You never have to suffer through
bladder cancer if you use this test
If you've been reading these alerts for long, you probably know that I'm not much of a fan of most any screen for cancer. If you're new to these alerts, that might surprise you. Why don't I endorse cancer screens? Because almost all of them detect cancer after it has developed. By then it is usually far too late. I am not one who subscribes to the theory that early detection will save you. By the time our methods can detect cancer, it has been present for years and most likely has spread. Your chances then will depend on your own immune system to mount a defense, not on conventional slash, poison, and burn techniques.

However, if you can detect a lesion before it turns cancerous and invades, medical intervention makes excellent sense. An example is a colon or bladder polyp. Colon polyps require a colonoscopy to find these polyps. But checking for bladder polyps couldn't be easier.

A recent study presented at the American Urological Association in Atlanta documented that you can significantly reduce your risk of invasive bladder cancer just by checking your urine for blood. Researchers followed 1,575 men for 14 years. They agreed to do home testing for two 14-day cycles, nine months apart. If positive, the men were sent for routine medical work-ups for hematuria (blood in urine). This evaluation would include a cystoscopy. That's where they place a small scope up through the urethra into your bladder. With this test, the doctor can have a bird's eye look at where the blood might be coming from.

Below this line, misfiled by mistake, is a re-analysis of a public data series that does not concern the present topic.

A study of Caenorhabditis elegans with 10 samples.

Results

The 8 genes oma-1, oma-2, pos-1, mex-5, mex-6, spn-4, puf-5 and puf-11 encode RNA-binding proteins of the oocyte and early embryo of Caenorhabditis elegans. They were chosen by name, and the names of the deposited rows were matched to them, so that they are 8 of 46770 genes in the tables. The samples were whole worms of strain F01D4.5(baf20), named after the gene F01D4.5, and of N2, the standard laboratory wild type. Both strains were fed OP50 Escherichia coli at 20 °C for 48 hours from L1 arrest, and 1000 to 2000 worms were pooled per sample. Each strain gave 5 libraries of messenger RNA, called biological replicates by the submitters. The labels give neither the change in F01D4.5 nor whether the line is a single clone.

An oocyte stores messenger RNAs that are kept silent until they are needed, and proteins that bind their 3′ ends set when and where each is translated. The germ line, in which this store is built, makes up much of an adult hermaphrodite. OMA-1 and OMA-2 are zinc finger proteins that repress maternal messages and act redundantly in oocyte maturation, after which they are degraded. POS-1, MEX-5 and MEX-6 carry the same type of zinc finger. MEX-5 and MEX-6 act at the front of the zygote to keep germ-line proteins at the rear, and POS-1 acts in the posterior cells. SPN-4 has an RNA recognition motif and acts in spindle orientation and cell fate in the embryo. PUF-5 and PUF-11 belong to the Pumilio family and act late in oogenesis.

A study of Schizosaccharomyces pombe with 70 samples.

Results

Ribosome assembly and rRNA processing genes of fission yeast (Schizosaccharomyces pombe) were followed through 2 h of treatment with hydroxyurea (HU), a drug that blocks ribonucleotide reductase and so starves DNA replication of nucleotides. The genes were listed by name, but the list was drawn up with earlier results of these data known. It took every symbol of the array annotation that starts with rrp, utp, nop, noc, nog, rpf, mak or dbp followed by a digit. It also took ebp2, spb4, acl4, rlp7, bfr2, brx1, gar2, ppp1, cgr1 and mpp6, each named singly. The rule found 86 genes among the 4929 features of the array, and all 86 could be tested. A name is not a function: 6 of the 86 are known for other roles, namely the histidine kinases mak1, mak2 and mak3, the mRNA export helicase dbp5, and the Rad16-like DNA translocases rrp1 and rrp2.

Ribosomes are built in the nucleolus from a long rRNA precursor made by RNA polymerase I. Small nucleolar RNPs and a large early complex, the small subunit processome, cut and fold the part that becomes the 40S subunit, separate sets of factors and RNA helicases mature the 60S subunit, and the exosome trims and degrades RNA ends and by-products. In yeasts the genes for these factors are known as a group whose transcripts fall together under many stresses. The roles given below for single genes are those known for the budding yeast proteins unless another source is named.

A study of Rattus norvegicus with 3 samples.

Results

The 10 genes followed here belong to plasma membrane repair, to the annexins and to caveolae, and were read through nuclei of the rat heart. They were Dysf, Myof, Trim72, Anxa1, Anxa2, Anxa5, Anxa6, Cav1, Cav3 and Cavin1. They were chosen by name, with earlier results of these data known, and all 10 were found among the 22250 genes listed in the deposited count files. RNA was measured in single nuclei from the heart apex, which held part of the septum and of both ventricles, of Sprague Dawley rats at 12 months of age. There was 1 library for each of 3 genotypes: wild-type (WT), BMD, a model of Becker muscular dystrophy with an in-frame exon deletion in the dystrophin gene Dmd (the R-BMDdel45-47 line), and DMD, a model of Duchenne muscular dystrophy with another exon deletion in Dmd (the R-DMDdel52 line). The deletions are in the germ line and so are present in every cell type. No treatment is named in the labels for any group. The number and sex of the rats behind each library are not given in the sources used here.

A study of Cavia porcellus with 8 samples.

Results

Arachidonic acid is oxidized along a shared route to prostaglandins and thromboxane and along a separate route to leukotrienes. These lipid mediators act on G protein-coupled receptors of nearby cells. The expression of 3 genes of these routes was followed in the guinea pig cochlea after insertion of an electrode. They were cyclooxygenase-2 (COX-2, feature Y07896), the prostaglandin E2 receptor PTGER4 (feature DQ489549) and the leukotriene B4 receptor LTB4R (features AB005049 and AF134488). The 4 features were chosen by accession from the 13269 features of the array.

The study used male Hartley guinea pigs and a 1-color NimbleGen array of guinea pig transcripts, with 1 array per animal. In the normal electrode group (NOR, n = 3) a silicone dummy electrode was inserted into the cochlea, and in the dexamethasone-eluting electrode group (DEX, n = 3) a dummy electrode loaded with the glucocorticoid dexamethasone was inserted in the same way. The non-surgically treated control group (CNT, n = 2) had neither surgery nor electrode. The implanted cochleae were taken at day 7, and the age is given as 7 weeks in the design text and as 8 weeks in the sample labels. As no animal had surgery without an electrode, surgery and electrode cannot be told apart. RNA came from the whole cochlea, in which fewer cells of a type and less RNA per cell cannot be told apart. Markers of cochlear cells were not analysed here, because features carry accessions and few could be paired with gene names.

About 16% of the men tested positive. Of those, 8.1% actually had cancer. What's important is that none of the men died of bladder cancer during the study. In contrast, a control group of similar numbers had 509 cases of bladder cancer and 104 bladder cancer deaths. The researchers found that the number of high-grade lesions were similar in both groups. The difference was the greater likelihood of discovering the cancer before it had invaded in the screened group.


The good news is that you don't have to see a doctor for the screen. Hemastix® are a readily available (at your drugstore or online) way for you to screen your own urine for blood. It's really easy. If the indicator turns blue, that suggests blood. I would definitely recommend a visit to an urologist for more definitive testing if your test is positive. Women should avoid testing around their periods, as that could lead to a false positive.

REF: Family Practice News, July 15, 2006.